Are tear-downs tearing apart the fabric of the proposed expanded historic district in Oak Park? Not really.

Why then would the Historic Preservation Commission want to expand the Frank Lloyd Wright Historic District into 100 additional blocks where there are no Wright homes?

My block would be in the new district. The best homes look like they came from a Sears catalog, circa 1920. Others are modest Depression-era homes. One handsome Prairie-style house was built in the ’80s as a knock-off.

What is the argument in favor of the expanded district? The first is that it will protect the “unique character” of the Frank Lloyd Wright District. But the lack of historic architecture is why these blocks were left out in the first place.

Second, the commission argues that national studies show that historic designation increases property values. If so, it should be simple to prove that housing values in Oak Park’s historic district have outstripped housing values in the proposed district. That’s not something they’re saying and I doubt they could.

Third, I am a student of government gobbledygook, and the Historic Preservation Commission (HPC) presents a doozy. To assuage the fears of homeowners about government overregulation (can you say Building Code Department?), the commission posed the following question in a recent mailer: “So [in the expanded historic district] the Commission gets to tell me what I can and can’t do with my building?” then answers this question in the most definitive fashion. It says, “No.”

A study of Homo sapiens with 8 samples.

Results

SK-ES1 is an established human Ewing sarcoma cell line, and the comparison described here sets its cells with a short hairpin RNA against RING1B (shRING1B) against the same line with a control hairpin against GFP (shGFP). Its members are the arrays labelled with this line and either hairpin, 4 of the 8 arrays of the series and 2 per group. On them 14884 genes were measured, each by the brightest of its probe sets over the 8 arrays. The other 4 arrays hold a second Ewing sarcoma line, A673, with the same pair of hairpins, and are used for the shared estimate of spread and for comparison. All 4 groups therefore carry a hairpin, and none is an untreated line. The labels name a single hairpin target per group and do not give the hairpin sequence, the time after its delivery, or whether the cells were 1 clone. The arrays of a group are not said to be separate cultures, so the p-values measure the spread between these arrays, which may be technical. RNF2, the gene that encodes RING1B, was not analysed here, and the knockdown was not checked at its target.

But after it says “No,” it explains that the answer is in fact “Yes.”

The village will “assist property owners and help them achieve what they want with their buildings, while also fulfilling the community’s longstanding commitment to historic preservation in ways that benefit ALL property owners.” Note to self: watch out when a government entity starts to communicate in capital letters.

Or acronyms. The “HPC,” they say, will help owners meet their goals “in a preservation context.” It then says that the “COA,” whatever that is, will “ensure that alterations are sensitive.” This is code for “we get to tell you exactly what to do with all your exterior building alterations.” And if you fail to agree with what the HPC and COA say, then “you always have the option of appealing the decision to the Village Board.”

So the commission gets to tell you what to do and if you don’t like it, you can go fish by appealing to the village trustees. Lots of luck.

Too often in Oak Park we ignore real problems and attempt to solve problems that don’t exist. The historic district expansion — which I assure you will happen whether anyone wants it or not — is a case in point.

But here is the real reason I am against the historic district expansion. I once had to paint my quasi-historic-but-peeling wooden front porch steps every year. Then I found an exterior flooring product that looks like painted wood, never needs paint and is made of recycled plastic bottles. This is a historic NO-NO because in 1910 Coke bottles were for drinking not planking.

The HPC and COA would have left me SOL.